Ruby

Ruby, the new film about assassin Jack Ruby, has the misfortune of being released after Oliver Stone's controversial and powerful JFK. Timing of release and marketing (positioning, as they say in Hollywood) are crucial in today's movie market, though Ruby is so conventional and routine that, I suspect, with the best timing and publicity the film would have failed to become the media (and box-office) event its makers hoped for.

Danny Aeillo is perfectly cast as a small-time owner of a strip club in Dallas with big-time aspirations–hooking up with the Mafia. But, as if the movie didn't trust its “hero,” the plot shifts back and forth from Ruby to Candy Cane (Sherilyn Fenn, of TV's Twin Peaks fame), a small-town girl, who Ruby picks at a bus station and turns into a famous stripper. The film is disingenuous–Cane is supposedly a composite character of several women, but she is not only made to look like Marilyn Monroe, she also enacts episodes from the star's life.

Ruby represents yet one more effort in the recent cycle of films about conspiracy. And if it has any distinction, it is in making explicit what other movies speculated or hinted about the CIA. But because there is not much new information, even the conspiracy theorists (and paranoids) would not have fun watching this film.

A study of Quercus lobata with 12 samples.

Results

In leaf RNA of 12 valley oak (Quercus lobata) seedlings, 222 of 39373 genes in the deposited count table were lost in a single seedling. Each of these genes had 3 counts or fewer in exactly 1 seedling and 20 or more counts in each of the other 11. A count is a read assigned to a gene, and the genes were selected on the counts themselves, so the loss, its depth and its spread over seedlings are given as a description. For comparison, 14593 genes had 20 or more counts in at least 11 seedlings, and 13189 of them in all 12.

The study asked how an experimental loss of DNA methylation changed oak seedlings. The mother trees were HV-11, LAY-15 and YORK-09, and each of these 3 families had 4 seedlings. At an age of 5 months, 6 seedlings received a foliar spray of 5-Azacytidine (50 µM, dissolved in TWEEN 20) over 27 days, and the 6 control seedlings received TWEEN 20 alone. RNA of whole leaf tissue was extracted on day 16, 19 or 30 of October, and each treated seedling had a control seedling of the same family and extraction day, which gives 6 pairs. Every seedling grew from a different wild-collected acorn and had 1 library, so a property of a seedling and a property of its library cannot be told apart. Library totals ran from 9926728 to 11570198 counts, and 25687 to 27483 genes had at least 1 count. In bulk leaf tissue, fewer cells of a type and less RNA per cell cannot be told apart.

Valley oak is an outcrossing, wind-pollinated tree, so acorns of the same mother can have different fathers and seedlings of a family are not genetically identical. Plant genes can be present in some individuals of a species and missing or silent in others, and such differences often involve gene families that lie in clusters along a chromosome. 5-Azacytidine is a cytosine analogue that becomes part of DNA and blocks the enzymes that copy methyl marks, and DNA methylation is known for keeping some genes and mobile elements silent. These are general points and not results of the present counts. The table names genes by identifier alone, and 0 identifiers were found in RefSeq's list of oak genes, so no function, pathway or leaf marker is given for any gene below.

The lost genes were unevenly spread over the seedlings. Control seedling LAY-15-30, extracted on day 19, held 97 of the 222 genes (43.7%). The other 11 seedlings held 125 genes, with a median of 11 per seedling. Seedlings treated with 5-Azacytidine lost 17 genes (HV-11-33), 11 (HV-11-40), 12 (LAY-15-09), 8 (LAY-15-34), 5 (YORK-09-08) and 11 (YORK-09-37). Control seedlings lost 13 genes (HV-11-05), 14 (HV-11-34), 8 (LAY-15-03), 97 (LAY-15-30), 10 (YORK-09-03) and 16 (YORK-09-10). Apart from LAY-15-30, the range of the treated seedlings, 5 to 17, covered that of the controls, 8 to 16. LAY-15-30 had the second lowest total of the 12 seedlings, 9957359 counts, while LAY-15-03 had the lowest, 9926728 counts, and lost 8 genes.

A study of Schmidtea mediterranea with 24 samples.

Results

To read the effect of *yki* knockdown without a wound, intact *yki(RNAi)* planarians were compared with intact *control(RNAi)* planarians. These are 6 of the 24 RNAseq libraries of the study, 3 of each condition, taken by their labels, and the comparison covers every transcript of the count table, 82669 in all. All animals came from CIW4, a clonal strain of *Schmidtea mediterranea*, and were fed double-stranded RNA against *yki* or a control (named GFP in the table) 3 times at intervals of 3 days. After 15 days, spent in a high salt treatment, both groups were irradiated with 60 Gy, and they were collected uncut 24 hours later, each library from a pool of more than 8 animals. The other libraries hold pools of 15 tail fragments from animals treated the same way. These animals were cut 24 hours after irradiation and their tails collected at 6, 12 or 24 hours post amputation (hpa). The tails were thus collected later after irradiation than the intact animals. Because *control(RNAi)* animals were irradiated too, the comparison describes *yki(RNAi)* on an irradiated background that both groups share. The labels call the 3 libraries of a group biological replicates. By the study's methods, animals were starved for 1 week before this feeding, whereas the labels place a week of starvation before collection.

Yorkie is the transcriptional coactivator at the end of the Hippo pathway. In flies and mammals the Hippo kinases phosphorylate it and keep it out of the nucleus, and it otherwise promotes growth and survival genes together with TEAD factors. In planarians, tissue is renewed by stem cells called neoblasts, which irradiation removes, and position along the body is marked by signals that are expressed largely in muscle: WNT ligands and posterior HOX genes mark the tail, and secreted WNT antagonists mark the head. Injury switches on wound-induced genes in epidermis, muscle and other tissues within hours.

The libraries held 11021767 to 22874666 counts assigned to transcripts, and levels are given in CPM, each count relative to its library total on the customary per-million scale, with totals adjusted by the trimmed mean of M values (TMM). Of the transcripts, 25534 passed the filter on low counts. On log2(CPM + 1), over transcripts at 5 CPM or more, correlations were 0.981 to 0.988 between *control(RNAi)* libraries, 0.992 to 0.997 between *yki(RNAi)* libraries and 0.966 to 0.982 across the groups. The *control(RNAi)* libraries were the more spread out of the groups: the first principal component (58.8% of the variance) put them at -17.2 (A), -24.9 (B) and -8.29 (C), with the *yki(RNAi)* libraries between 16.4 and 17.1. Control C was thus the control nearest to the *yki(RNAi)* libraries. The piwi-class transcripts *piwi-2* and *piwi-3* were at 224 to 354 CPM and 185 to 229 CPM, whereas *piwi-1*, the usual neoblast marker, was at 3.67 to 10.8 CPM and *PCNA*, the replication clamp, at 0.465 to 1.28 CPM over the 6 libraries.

The story could have been much more interesting, if Ruby's personality as the outsider par excellence were explored. For example, the fact that he was Jewish is mentioned in passing, and his specific connections to the Mob and the CIA are never made clear. Worse, the movie never bothers to explain Ruby's motivation for shooting Lee Harvey Oswald. Judging by what's on screen, Ruby is just not interesting enough to be the protagonist of a film. He begins and ends as a small-time hood, a patsy, with ambitions that never get accomplished.

Ruby's format resembles many made-for-TV biopictures, though it lacks the “juicy” and scandalous episodes of such fare. Under the plodding direction of John Mackenzie (The Long Good Friday), the film's style is that of the gangster and noir films of the l940s, rather than a suspenseful political thriller.